The Shifted Librarian - Shifting Libraries at the speed of byte
 Wednesday, May 05, 2004


Best of What's Next 2004 - This PDA Is a Real Pocket PC

"Call it the smart communicator. In a few years, the functions in today's personal digital assistant (PDA)--notebook, to-do list, calendar, contacts--will be the least of it. Thanks to a variant of Moore's Law that says data-storage density doubles every 18 months, tomorrow's smart communicator will hold 250GB--enough to store 55 movies.

Indeed, video--both viewing and recording--will be a killer app. One reason: 'There will be phenomenal leaps forward in display technology,' says Hank Nothhaft, chairman and CEO of Danger Labs, maker of the SideKick PDA. Say good-bye to your PDA's power-greedy liquid crystal display (LCD). Say hello to the smart communicator's energy-efficient, organic light-emitting diode (OLED) display....

Another leap: high-speed wireless connectivity. As data-transfer speeds of 400 Kbps become standard, high-quality streaming video will become a reality. The potential of Bluetooth, a wireless technology with a range of about 30 feet, will also bloom on the smart communicator, giving it the ability to connect to remote keyboards and displays. 'You'll carry your whole life in your PDA,' says Scott Summit, designer of the award-winning Tapwave Zodiac PDA. 'And any device next to it--a computer, a TV--will reconfigure to run from it.' Business travelers will be able to use it with screen-and-keyboard combos in hotel rooms and airports, where the device's expanded mode, complete with projected keyboard, might be awkward.

The smart communicator will have its own nervous system: sensors that assess the outside world and adjust the device's behavior accordingly. A built-in RFID (radio-frequency identification) reader will pick up data stored on RFID tags in nearby objects, so the PDA will automatically embed identification labels in the photos it takes. The onboard eye scanner will let you navigate pages with a mere glance at the menu bar. Light, heat and motion sensors will enable the device to know whether it's in your pocket or your hand, and pump up its cellphone's ring tone if needed. A tilt sensor will trigger the display to shift between portrait and landscape mode, and it'll offer finger-free scrolling. The microphone will measure ambient noise and adjust the volume to compensate in a loud restaurant. The GPS will detect when you're nearing home, and the communicator will signal ahead to turn on the heat or AC. Once you arrive, the Bluetooth network will automatically synchronize data between your communicator and your PC.

With so much personal information packed in it, you'd think your smart communicator would be worth 10 times its weight in platinum to an identity thief. And it would be, if not for the combination of software encryption and biometrics it will employ to keep criminals out. If you lose it, the thumbprint-sensing power switch will cause the screen to display a message asking the finder to return it to you. It'll also secretly transmit its location via any available wireless network, so you can track it on a Web-based map. Don't be surprised if the map's blinking green dot is over your house--it just means you need to retrieve your smart communicator from under the sofa cushion." [Popular Science, via PDA 24/7]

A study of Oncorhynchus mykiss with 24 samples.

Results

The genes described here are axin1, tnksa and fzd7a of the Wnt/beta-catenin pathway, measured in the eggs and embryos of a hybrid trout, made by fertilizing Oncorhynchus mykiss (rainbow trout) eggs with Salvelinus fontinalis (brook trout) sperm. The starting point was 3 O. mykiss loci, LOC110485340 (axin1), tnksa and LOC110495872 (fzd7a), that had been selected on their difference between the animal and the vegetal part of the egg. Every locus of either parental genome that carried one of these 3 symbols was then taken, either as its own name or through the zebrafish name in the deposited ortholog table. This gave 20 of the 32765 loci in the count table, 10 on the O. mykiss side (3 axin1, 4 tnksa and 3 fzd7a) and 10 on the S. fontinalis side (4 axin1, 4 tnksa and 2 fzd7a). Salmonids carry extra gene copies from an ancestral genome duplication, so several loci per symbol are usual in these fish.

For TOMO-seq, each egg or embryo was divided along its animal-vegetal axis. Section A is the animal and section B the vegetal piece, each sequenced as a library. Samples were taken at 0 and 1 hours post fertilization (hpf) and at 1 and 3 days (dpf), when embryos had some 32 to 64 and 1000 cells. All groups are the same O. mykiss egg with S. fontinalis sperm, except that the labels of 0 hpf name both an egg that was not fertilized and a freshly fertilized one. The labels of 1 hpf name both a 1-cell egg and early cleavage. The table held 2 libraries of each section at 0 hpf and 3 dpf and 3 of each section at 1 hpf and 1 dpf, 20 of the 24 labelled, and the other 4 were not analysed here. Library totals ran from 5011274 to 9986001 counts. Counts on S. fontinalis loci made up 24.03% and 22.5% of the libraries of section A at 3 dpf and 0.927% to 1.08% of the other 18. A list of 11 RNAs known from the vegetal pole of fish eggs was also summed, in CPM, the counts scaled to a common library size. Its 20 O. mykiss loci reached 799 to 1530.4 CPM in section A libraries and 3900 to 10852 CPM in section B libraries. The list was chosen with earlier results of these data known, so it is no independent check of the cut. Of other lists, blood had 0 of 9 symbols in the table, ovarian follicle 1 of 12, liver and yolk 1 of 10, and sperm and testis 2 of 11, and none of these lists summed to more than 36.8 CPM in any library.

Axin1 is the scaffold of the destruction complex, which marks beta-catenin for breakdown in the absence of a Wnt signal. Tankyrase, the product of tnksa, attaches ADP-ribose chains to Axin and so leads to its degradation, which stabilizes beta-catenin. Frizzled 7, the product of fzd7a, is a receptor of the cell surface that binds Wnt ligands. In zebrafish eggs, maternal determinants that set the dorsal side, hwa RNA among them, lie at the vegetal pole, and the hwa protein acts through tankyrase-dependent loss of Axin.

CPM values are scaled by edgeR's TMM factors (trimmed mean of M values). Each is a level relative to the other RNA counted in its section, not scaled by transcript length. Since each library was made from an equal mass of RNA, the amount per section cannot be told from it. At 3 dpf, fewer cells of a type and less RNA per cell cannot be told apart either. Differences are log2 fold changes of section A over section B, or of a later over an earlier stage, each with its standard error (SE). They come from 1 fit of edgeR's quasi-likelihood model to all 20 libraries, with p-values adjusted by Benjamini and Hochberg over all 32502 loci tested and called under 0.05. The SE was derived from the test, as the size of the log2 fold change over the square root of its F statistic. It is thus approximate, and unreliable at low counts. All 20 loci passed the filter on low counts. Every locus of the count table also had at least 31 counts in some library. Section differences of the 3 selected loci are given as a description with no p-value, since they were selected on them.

So what will library services look like to someone who carries their whole life in this smart communicator? Will our networks and peripherals be ready to interact with these devices when they enter the building?


While I was gone last month, the folks at the Moraine Valley Community College Library (one of my members!) did something very cool. Larry Sloma and Troy Swanson saw me speak about blogs last year, and they both immediately grasped the power of them. They asked me to install an instance of Movable Type on the SLS server so they could play with it, and the next thing I knew, they had multiple blogs up and running. Larry has also done extensive work customizing the interfaces, which helps illustrate how a library can make its blogs look more interesting and attractive beyond just the standard Movable Type templates.

In addition, Troy and Larry also learned about RSS and again immediately understood the potential. They have now implemented a solution that automatically displays content from the blogs hosted on my server back on the MVCC web site which is hosted on their server. So now they're blogging on the SLS server, and the content is appearing on their web site in one aggregated page. Nice!

But these two guys didn't just go off on their own and stealthily implement all of this. No, they created the proof-of-concept and then showed it to their bosses, who then approved the project. The best part is that they also created policies, guidelines, and documentation for all of this. Contact Troy Swanson if you're interested in learning about how they did this and what they went through or if you'd like to get copies of their docs.

View their hard work:

See, you don't have to be at a huge university library to make something like this work! That's the great thing about blogging and RSS!

Great job, Troy and Larry, and kudos to the administration at the MVCC Library for being so willing to try something new!